Overseas arrivals had biggest impact on first wave deaths, study finds

International travel has been cited as the key factor in driving higher death rates during the first wave of the pandemic, according to a new study.

Scientists at the University of Aberdeen found border arrivals to be the ‘strongest predictor of mortality increase’ in the worst-hit countries, compared to other factors examined; including population density, the percentage of people living in urban areas, age, average body mass index and smoking prevalence.

Tiberiu Pana, medical student and author of the study, said: “Our assessment of available data indicates that very early restrictions on international travel might have made a difference in the spread of the pandemic in western Europe, including the UK.”

However, in December European health authorities urged EU governments to end mandatory testing and quarantine for air travellers, stating that such measures are ‘unlikely’ to halt the spread of Covid-19 in communities where the virus is already established.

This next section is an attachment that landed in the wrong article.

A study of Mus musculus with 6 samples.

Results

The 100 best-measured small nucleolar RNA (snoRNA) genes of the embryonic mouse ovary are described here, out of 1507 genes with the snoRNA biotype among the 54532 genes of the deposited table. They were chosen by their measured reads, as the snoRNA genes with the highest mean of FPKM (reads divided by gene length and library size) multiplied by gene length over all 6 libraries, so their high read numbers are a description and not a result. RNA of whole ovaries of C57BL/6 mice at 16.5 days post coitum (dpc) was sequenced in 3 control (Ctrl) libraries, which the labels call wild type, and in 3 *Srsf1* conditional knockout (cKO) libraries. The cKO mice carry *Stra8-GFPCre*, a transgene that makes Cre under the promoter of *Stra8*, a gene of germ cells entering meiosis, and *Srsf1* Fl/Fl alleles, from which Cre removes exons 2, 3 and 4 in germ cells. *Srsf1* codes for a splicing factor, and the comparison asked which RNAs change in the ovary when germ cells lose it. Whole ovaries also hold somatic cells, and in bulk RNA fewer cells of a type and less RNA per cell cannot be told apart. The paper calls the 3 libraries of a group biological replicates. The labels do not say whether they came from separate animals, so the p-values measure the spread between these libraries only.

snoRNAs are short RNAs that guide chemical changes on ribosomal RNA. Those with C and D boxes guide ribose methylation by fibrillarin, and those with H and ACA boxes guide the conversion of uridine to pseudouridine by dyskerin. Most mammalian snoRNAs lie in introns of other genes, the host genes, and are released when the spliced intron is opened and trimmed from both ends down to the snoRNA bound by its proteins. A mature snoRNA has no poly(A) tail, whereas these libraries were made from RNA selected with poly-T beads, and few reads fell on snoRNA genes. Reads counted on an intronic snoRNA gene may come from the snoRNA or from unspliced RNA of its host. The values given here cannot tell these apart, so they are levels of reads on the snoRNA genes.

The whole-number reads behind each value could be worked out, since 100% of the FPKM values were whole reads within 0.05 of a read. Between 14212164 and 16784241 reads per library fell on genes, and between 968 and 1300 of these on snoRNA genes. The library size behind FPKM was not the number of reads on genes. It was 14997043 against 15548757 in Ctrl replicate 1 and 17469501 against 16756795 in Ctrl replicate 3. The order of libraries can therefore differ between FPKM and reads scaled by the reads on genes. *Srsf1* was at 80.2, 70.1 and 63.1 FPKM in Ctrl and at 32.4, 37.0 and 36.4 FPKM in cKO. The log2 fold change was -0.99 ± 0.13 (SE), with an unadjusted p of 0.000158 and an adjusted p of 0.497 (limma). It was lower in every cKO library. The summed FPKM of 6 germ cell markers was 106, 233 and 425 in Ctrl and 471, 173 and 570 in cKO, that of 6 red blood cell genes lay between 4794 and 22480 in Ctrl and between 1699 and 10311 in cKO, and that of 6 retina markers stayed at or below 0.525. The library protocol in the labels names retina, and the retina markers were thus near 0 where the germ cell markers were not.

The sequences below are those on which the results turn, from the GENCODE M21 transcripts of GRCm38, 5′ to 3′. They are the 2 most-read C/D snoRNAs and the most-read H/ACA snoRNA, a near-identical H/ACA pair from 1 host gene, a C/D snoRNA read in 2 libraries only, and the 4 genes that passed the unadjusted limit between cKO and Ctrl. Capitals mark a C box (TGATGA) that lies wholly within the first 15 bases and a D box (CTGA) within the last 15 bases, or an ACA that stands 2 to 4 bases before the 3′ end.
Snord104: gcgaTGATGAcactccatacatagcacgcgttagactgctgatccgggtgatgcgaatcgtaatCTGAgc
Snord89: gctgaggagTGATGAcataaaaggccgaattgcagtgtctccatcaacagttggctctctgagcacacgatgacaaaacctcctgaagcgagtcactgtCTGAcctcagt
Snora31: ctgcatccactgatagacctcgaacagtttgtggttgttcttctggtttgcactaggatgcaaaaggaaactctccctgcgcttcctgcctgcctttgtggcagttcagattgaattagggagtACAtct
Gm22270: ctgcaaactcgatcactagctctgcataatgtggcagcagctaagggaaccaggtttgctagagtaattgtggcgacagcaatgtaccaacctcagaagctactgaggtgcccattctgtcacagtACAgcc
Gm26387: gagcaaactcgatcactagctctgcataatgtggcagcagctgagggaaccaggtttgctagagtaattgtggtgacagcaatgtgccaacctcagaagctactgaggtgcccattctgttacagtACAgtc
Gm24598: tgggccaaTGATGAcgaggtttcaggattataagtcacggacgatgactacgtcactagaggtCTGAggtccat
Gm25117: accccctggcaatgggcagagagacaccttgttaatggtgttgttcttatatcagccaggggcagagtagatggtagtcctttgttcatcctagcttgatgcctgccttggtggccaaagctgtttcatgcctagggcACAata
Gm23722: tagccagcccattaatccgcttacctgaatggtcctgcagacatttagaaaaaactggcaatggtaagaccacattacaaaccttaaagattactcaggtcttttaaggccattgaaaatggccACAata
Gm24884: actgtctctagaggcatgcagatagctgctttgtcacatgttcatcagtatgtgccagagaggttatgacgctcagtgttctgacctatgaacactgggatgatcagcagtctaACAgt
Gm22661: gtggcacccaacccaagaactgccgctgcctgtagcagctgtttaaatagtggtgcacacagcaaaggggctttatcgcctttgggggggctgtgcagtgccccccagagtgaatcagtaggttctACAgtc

The British Government is today under increased pressure to announce a concrete plan for the implementation of quarantine hotels, as a mandatory requirement for all arrivals from ‘high-risk’ countries where concerning variants of the virus have been identified.

Matt Hancock will lay out the “operational plan” next week, vaccines minister Nadhim Zahawi confirmed this morning as he defended the delay in action yet again. 

Meanwhile, the Government has been accused of keeping a major hotels chain ‘in the dark’ over the road map, despite offers of help being made several days ago.

Best Western Hotels chief Rob Paterson told the Today show: “Other than very broad information about what timings they’re thinking about and who is handling it we haven’t had any discussions at all.”